May 3, 2001
Court ruling puts divorce deals in doubtBy MINDELLE JACOBS -- Edmonton Sun
If a lot of people, particularly men, are already skittish about marriage, a recent court ruling in Ontario is sure to trigger panic attacks.
Despite our freewheeling attitude towards divorce, making a clean break - even with separation agreements - is not as easy as it sounds.
Uncontested divorce is supposed to be a breeze. You divvy up the assets, hire a lawyer to draft the settlement agreement and go your separate ways.
The upshot of a ruling last month by the Ontario Court of Appeal, however, is that your divorce agreement may not be worth the paper it's written on.
The case involves Eric and Linda Miglin, who split up after 15 years of marriage and signed an amicable separation agreement in 1994.
As part of the deal, Eric was to pay Linda $60,000 a year in child support for their four kids and $15,000 a year for five years, renewable by mutual consent, for his ex-wife's consulting services. (He continued to run the lodge they had owned for years.)
There is no evidence Linda was manipulated into signing a divorce settlement she didn't understand. The agreement couldn't have been clearer.
Both waived spousal support and promised not to launch court action to get it.
Linda "specifically abandons any claims she has or may have against the husband for her own support," according to the agreement.
In case that wasn't plain enough, the agreement added: "At no time now or in the future ... shall the wife seek support for herself regardless of the circumstances."
Linda also acknowledged the implications of not claiming support were explained to her by her lawyer.
She must have a short memory. In 1998, only a year after the divorce was finalized, she went after him for spousal support and a court granted it - $4,400 a month for five years.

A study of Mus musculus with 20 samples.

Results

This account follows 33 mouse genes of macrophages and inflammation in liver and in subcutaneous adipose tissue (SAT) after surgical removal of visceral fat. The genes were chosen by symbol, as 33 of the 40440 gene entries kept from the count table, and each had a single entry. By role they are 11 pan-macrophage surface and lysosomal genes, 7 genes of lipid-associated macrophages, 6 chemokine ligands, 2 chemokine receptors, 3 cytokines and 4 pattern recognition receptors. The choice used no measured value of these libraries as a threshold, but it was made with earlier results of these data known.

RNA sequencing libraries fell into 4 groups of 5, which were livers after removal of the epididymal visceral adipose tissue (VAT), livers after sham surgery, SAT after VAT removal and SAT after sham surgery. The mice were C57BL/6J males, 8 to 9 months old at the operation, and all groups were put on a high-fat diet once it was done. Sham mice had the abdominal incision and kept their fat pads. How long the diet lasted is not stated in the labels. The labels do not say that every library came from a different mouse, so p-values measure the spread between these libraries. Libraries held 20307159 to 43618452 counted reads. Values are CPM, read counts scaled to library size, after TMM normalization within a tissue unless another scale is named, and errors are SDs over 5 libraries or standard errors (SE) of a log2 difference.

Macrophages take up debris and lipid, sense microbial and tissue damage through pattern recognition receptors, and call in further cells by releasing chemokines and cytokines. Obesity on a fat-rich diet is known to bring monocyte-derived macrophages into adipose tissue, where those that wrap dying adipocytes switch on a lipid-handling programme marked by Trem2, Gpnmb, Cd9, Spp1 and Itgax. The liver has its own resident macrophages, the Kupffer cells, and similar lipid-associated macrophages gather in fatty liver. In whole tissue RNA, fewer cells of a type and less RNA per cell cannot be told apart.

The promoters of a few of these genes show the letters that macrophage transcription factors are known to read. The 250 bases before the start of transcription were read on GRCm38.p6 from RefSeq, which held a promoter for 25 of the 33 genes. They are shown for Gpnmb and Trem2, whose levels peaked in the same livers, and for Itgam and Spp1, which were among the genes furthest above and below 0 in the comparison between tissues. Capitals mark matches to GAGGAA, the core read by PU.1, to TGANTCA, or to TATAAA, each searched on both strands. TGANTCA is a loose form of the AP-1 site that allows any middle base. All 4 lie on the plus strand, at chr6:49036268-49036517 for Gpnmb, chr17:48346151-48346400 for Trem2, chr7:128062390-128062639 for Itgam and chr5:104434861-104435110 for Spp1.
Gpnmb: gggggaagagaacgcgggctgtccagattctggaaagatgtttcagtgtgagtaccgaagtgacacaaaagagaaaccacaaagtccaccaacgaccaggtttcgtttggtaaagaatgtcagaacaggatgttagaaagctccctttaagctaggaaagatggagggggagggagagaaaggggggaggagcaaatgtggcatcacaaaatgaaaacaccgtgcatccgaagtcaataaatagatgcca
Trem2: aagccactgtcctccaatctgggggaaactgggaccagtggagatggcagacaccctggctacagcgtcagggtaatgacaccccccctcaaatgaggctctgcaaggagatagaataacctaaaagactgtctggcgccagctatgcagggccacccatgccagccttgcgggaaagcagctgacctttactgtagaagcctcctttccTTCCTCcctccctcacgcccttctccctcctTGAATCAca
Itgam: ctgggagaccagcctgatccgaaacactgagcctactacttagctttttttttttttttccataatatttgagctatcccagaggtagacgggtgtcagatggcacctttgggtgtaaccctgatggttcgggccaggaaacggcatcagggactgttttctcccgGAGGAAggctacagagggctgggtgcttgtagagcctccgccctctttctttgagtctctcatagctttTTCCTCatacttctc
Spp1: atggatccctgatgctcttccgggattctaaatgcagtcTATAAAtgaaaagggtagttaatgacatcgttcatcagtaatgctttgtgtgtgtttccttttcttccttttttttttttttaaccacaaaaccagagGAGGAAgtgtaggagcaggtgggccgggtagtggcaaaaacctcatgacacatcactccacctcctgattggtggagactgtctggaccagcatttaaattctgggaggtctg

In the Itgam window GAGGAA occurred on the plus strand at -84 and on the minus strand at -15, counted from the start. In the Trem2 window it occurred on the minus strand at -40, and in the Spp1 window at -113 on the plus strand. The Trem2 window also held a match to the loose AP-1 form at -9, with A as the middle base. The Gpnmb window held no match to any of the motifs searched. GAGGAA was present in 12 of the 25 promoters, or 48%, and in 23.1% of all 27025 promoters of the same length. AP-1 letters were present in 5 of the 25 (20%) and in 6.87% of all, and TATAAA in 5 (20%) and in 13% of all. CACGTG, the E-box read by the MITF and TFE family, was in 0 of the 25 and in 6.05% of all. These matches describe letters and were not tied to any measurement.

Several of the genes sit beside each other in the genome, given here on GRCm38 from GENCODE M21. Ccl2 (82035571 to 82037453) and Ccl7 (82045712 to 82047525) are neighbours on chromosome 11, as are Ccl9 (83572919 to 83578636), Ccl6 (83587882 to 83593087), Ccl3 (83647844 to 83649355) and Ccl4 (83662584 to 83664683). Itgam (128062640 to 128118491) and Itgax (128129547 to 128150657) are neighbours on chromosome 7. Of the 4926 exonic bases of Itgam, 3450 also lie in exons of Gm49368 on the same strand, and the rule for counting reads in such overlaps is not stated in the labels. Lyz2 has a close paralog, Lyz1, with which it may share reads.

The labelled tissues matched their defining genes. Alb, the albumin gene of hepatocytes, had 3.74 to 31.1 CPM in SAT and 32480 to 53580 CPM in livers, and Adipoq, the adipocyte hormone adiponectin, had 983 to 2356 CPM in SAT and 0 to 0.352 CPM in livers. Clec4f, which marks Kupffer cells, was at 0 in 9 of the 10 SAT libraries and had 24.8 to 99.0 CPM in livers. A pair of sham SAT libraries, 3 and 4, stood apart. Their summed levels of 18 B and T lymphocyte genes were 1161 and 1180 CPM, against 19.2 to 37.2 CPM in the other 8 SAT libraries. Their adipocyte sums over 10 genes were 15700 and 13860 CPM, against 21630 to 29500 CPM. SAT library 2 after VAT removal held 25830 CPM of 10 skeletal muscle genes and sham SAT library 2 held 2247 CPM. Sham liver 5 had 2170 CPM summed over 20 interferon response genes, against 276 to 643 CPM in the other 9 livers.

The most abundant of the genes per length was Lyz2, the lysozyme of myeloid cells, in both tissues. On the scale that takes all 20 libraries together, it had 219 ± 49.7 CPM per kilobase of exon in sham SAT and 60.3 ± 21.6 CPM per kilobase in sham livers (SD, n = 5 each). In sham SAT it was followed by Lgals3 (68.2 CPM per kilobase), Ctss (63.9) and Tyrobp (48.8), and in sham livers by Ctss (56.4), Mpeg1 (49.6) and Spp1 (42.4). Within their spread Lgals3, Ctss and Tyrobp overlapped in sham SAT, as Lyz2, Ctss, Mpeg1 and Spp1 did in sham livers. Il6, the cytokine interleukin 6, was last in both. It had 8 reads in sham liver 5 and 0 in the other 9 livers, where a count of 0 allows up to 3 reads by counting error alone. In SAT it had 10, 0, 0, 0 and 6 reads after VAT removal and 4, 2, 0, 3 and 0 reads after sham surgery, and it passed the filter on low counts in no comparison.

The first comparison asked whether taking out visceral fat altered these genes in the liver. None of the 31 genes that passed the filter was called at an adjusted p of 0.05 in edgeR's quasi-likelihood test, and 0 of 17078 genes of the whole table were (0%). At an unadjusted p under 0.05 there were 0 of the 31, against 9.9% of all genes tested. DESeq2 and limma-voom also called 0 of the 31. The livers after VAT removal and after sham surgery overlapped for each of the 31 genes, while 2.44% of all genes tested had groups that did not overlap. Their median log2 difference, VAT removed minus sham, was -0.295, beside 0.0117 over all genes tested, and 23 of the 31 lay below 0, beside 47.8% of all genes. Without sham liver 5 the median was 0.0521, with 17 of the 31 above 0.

Eric fought the ruling, but the Ontario Court of Appeal declared that the agreement Linda signed of her own free will wasn't fair. Not only that, it ordered Eric to pay spousal support indefinitely.
A separation agreement is only one of several factors which courts must consider when awarding spousal support, the appeal court said.
Judges are also required to weigh the self-sufficiency of the spouse applying for support, the economic advantages or disadvantages of the marriage and its breakdown and the financial consequences of caring for kids.
Since economic equity "appears to be the overriding objective" of the support provisions in the Divorce Act, the court explained, Linda wins the day.
In refusing to put a time limit on the spousal support order, the court said there was no evidence Linda is "deliberately or arbitrarily thwarting her economic self-sufficiency."
Maybe not. But there's a nauseating tang emanating from this whole affair. It's pretty sad when responsible adults can't rely on separation agreements and move on with their lives.
Furthermore, Linda has done women a great disservice. Yes, it is mostly females who end up poorer after divorce. But she signed an agreement, knew the consequences and went whining to court anyway. The impression it leaves is that women are gold diggers - forever plotting to screw their ex-husbands.
Even if divorce settlements are carefully worded, there's no guarantee, says Edmonton family lawyer Renee Cochard. "It's not reassuring - to men, particularly," she says.
So be forewarned. While marriage can be short, the downside of divorce can last forever.
"If you get married, know that there are significant economic obligations you're getting yourself into," says Osgoode Hall law professor Roxanne Mykitiuk.
Happy diamond shopping, guys.
Mindelle can be reached by e-mail at email@example.com.